Posted Feb 01, 2014 07:10 am CST
On the afternoon of Feb. 1, 1960, four students from the North Carolina Agricultural and Technical College walked into the F.W. Woolworth store in downtown Greensboro. After purchasing some personal items, they settled down at the store’s lunch counter and tried to order. Because the students were black, the staff refused to serve them.
One of the students, Ezell Blair Jr., politely pointed out that the store had already sold them the personal items, but lunch counter staff stood their ground. The four students, three of them graduates of a local segregated high school, remained until closing and quietly vowed to return the next day.
Sit-ins had been a key tactic in the civil rights struggle for decades, but their success was a matter of timing. And although similar sit-ins had already been staged in Nashville on a test basis, something about the Greensboro demonstration began to attract national attention.
The four students returned the next day with 25 others, and by day five of the sit-in more than 300 supporters—some of them white—appeared at the store, taking turns occupying the 65 lunch counter seats. Though Greensboro was considered a “moderate” Southern city, tensions between whites and blacks there grew palpable, stirred in part by gangs of white youths who gathered at the dime store, slinging insults—and worse—at the student protestors. And the contrast between the orderly, disciplined students and their unruly white tormentors was not lost on journalists covering the lunch counter face-off. As support for the Greensboro protest spread north, sit-ins and “sit-downs” began spreading quickly through the South. By year’s end more than 100 such protests had been staged throughout the states of the old Confederacy.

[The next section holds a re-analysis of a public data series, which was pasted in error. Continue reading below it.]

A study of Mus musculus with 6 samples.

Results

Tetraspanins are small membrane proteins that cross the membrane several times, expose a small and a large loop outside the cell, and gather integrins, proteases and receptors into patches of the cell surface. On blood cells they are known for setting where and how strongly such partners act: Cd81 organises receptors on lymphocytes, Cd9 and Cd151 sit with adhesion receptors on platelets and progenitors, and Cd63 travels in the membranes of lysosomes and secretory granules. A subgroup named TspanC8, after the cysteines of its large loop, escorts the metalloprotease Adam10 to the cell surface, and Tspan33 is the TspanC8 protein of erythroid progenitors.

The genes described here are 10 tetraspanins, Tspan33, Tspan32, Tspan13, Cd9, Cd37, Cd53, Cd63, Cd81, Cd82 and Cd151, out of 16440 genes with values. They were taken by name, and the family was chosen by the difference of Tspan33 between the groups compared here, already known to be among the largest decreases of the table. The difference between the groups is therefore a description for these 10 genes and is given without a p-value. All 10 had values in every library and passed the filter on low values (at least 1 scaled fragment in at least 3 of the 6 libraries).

In Greensboro, a brief moratorium failed to bring resolution. When the students returned, store management shut down the lunch counter. But losses from a nationwide boycott proved too great to justify. Less than six months after the original protest, Woolworth’s relented and opened its lunch counters to paying customers of any race.